The First Time My Parents Didn’t Protect Me

My father’s father passed away when I was five.

If it wasn’t for his death, maybe none of this would ever have happened.

All I can remember about him is that he was a joker. There was a particular incident in the middle of a very chaotic morning in De Aar…



The only other incident I clearly remember involving him was when he wasn’t alive any more and my mom, grief-stricken and hysterical, told me the sad news. He died of a kind of cancer; I really don’t know which one. My younger sister was born around the same time.

I’m also not sure if the tradition of having every single Christmas with my ouma and ouma-grootjie in De Aar only started then, but I know it stuck for about eight or so years following his death. My parents moved around a lot and no matter where we lived at the time the drive to De Aar was always terribly long and I wasn’t a pleasant passenger; I’m still not. I get bored and hot and claustrophobic and irritable.


The swinging back door was covered in gauze to keep the hundreds of flies outside and had a square at the bottom for the dog to get in and out through. I’ll never be able to forget the sound of that damn door swinging open and slamming shut so many, many times over the course of the few days on either side of Christmas, as more and more family members arrived and left again.

There were people everywhere: in all the bedrooms, on all the mattresses dragged into the rooms, on all the couches and carpets in the lounge. My little spot was on the second single bed of two in Johan’s room.

Maybe I was still five when it happened the first time, but maybe I had already turned six; maybe I just can’t recall the other times it happened, if there were any. I don’t remember exactly how it started, but suddenly my mom turned the bedroom light back on after having declared it to be bedtime a few minutes earlier. She caught me in Johan’s bed. I doubt she actually saw me in his bed – I jumped out like a flash and was standing with my back to her, panicky and breathless, fidgeting to straighten out the elastic of my pajama pants that had twisted all wrong when I pulled them up too fast.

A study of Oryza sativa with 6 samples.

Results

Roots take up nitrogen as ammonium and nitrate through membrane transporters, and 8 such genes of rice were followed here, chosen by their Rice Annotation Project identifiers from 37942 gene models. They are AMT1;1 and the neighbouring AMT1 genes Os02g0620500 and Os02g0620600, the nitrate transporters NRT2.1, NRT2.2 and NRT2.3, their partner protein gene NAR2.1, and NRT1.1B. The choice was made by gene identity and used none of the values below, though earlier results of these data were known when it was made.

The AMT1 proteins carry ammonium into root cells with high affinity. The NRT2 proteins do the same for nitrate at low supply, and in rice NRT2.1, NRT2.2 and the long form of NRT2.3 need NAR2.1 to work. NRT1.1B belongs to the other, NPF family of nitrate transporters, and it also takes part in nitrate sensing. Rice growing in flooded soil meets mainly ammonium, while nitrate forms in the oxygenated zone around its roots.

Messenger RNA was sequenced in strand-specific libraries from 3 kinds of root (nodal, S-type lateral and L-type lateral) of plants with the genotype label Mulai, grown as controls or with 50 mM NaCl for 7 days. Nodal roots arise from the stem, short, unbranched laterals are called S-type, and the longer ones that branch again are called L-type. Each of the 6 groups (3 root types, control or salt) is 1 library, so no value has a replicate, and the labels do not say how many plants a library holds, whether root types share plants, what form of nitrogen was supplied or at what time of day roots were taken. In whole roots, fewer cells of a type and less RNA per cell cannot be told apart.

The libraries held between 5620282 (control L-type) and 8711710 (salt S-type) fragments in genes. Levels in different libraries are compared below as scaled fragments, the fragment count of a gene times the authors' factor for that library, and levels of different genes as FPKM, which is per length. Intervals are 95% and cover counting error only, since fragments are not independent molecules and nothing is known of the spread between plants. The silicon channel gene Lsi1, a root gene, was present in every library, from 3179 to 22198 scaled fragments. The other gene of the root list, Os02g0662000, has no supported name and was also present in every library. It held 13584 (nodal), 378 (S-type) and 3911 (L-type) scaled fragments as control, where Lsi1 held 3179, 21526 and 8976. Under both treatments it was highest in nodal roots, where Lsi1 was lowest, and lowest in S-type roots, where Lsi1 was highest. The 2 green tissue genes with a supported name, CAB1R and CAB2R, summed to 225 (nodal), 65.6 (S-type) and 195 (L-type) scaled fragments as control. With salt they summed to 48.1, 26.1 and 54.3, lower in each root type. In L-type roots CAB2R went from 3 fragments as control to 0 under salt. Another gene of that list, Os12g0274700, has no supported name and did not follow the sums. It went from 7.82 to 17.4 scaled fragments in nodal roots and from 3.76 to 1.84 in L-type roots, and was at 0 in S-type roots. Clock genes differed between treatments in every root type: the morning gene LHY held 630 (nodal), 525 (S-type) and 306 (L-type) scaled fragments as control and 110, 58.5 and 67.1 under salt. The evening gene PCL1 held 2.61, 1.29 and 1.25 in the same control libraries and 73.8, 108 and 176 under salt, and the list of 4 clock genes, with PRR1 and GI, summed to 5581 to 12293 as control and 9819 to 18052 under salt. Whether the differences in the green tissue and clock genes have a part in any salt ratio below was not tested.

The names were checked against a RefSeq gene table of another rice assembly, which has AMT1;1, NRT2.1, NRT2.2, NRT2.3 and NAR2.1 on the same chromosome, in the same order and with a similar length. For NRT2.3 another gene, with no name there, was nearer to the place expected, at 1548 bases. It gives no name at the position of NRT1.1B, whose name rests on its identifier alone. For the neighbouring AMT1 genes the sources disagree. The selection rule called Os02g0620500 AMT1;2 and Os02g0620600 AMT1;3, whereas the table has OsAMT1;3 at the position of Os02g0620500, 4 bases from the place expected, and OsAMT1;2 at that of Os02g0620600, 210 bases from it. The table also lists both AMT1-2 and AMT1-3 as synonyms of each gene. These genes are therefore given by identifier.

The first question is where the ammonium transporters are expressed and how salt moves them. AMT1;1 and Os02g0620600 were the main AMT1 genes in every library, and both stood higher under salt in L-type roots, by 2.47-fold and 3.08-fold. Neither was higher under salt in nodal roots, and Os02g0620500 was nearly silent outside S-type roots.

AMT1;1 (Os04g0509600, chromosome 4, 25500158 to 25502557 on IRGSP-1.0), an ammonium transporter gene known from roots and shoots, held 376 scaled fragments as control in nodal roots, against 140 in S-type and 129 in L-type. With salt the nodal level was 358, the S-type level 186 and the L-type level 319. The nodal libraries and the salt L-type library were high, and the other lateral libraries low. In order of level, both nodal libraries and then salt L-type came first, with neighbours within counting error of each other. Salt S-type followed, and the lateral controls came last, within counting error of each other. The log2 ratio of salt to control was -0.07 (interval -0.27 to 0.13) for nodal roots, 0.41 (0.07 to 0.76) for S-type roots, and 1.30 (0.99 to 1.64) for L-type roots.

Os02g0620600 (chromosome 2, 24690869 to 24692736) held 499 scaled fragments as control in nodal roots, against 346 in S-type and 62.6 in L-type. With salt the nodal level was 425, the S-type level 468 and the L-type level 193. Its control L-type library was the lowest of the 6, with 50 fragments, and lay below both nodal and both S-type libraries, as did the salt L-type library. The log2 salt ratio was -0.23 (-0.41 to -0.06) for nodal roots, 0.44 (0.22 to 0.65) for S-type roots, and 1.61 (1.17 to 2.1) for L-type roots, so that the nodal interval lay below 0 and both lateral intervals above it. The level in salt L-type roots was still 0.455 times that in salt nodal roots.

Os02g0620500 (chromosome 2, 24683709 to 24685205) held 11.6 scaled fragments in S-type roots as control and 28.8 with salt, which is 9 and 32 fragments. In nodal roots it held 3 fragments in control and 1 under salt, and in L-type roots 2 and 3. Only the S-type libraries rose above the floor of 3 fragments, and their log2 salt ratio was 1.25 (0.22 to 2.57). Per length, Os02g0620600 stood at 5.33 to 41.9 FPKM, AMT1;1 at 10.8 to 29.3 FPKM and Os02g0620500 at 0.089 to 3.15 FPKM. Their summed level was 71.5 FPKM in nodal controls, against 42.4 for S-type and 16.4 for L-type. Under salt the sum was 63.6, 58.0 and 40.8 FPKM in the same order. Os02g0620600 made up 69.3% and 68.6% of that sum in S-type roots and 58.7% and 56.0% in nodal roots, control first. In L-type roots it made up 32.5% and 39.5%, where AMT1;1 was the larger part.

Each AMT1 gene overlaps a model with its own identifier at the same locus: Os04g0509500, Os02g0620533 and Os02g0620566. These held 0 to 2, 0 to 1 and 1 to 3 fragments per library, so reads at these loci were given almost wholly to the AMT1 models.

Lights never made any difference though. As time passed and my body changed from little girl to prepubescent to teenager the things that were done to it and with it and inside it ranged from soft careful little touches in the dark to full penetration in broad daylight in a filthy public toilet on a sports field.

Family tradition to me meant having to try and keep religion and sexual abuse separate in my mind although they seemed entangled forever, the one being used as a cover-up for the other. The tradition that was upheld all those years seemingly for my ouma’s sake, ended with her becoming very ill when I was about fourteen. If it wasn’t for her death, maybe none of this would ever have ended.

My mom knew about all of this all those years. She walked in on it the first time and told my dad, but she was also Bipolar and it was just another crazy idea of a very disturbed woman.

Why would they have believed her?

3 thoughts on “The First Time My Parents Didn’t Protect Me

  1. Sad story.

    Perhaps your story will help someone. Though the truth is hard, usually the truth always helps someone.

    Creepy uncles need to be arrested, jailed, shunned, punished and then when they are released need to be on a watch list and have their residences restricted.


  2. This really sounds like a horror film plot! What an awful thing to endure – and by a family member. You deserved better protection. This should never be allowed to happen. To say I’m sorry that this happened to you would sound very condescending, but I guess I want to say something – to let you know that your story has touched me. I hope your life is not irrevocably broken by this. Strength!